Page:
Monocottura vs. bicottura tiles: what's the difference?

Monocottura vs bicottura tiles 

Bicottura tiles are often more decorative, but they're generally not as strong as single fired tiles.

If you’re shopping for ceramic tiles there’s a good chance that sooner or later, you’ll run across these two Italian terms. Knowing what they mean is as much about understanding how tiles are made as it is about being down with the lingo.

To put it simply, monocottura means 'single fired' and bicottura means 'double fired' - but there are significant differences in terms of how strong these tiles are and how they perform - and therefore, the purposes for which you should use them.


What are monocottura tiles?

As we've already mentioned, Monocottura literally means ‘single-fired’ in Italian. Single-firing is a relatively new way to make tiles - the greenware (i.e. the clay before it’s fired) is shaped, glazed and fired in a roller kiln. This process all happens together and can take as little as an hour.

The monocottura process creates strong, durable ceramic tiles with a hard glaze. Because they’re generally tougher and harder wearing than double-fired tiles, monocottura tiles are favoured as floor tiles, and for use in outdoor applications.


The bond between the glaze and the ‘biscuit’ is also more resilient in monocottura tiles, and they’re less prone to peeling and ‘crazing’ (i.e. the appearance of tiny spiderweb-like cracks due to movement or slight changes in the 'biscuit' over time).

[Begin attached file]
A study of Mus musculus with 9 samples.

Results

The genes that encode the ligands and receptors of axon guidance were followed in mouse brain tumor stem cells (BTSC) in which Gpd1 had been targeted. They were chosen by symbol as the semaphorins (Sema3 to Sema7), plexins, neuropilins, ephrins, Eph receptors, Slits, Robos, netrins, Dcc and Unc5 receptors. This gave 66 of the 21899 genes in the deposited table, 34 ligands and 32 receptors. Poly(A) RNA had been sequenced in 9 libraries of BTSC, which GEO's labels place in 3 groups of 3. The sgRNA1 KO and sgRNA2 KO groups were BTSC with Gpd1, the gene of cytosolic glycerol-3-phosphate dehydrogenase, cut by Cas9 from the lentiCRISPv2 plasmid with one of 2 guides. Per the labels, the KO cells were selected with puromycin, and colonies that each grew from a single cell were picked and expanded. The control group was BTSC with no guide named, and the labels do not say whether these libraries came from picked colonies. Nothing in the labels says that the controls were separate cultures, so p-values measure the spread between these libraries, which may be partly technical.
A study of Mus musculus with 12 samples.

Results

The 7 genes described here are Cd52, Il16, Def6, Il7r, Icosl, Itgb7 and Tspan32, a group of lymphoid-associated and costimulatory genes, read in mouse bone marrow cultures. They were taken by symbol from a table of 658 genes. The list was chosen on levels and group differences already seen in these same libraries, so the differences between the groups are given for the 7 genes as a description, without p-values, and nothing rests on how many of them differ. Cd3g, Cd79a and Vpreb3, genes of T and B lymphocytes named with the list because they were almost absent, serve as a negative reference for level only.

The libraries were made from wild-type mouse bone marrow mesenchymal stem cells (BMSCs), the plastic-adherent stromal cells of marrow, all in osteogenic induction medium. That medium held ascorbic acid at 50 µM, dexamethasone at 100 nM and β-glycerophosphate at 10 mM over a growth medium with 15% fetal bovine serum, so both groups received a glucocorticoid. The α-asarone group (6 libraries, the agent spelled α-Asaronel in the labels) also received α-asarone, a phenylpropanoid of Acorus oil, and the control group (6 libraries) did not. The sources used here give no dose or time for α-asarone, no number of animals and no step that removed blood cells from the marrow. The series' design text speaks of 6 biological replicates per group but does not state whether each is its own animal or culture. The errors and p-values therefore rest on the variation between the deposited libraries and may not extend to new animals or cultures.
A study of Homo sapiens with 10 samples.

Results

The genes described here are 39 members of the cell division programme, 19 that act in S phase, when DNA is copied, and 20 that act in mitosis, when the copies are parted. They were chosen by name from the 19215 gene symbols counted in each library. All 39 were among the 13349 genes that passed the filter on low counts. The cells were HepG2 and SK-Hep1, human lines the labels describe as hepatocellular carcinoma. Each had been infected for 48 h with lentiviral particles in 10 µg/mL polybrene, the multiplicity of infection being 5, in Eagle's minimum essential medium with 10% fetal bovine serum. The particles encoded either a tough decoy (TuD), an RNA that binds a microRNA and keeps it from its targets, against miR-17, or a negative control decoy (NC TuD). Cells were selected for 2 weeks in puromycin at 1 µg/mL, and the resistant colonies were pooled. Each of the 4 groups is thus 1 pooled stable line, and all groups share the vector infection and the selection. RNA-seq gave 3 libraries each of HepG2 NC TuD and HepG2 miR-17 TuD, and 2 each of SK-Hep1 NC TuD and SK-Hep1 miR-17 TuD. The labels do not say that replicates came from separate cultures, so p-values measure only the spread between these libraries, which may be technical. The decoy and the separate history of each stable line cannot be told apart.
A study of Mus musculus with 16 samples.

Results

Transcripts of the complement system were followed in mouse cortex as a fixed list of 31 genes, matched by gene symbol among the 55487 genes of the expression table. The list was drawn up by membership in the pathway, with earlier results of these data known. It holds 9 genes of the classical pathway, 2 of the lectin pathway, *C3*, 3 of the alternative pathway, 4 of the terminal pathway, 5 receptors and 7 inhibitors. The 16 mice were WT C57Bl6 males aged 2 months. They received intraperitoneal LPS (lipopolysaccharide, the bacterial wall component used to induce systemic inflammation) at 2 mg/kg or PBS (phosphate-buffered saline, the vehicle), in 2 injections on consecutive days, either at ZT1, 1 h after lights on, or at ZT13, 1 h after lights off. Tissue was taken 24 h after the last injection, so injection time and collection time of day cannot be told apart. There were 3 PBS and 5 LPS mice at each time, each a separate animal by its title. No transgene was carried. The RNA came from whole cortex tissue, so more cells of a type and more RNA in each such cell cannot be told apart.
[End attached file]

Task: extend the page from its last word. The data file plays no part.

Monocottura tiles also have a nice flat back surface, which makes them easier to install than the older style bicotturas.


What are bicottura tiles?

If you're a shrewd kind of person, you've probably already guessed that bicottura means ‘double fired’. For these tiles, a simple ‘biscuit’ is first made with a single firing of an unglazed tile. This is then coated with a glaze, and fired a second time to complete the tile.

This process can take several days, and produces ceramic tiles that are less durable than monocottura tiles, because the glaze doesn't set and strengthen as well as it does with single-fired ceramic tiles. The bicottura process is much older, and still thought to produce better decorative tiles.

Because bicottura tiles are usually softer, they’re better suited for walls and splashbacks where they’re not likely to be knocked around too much.

Bicottura ceramic tiles are also produced with lugs on the back of them as a by-product of the manufacturing process – which makes them a complicated option for floor tiles.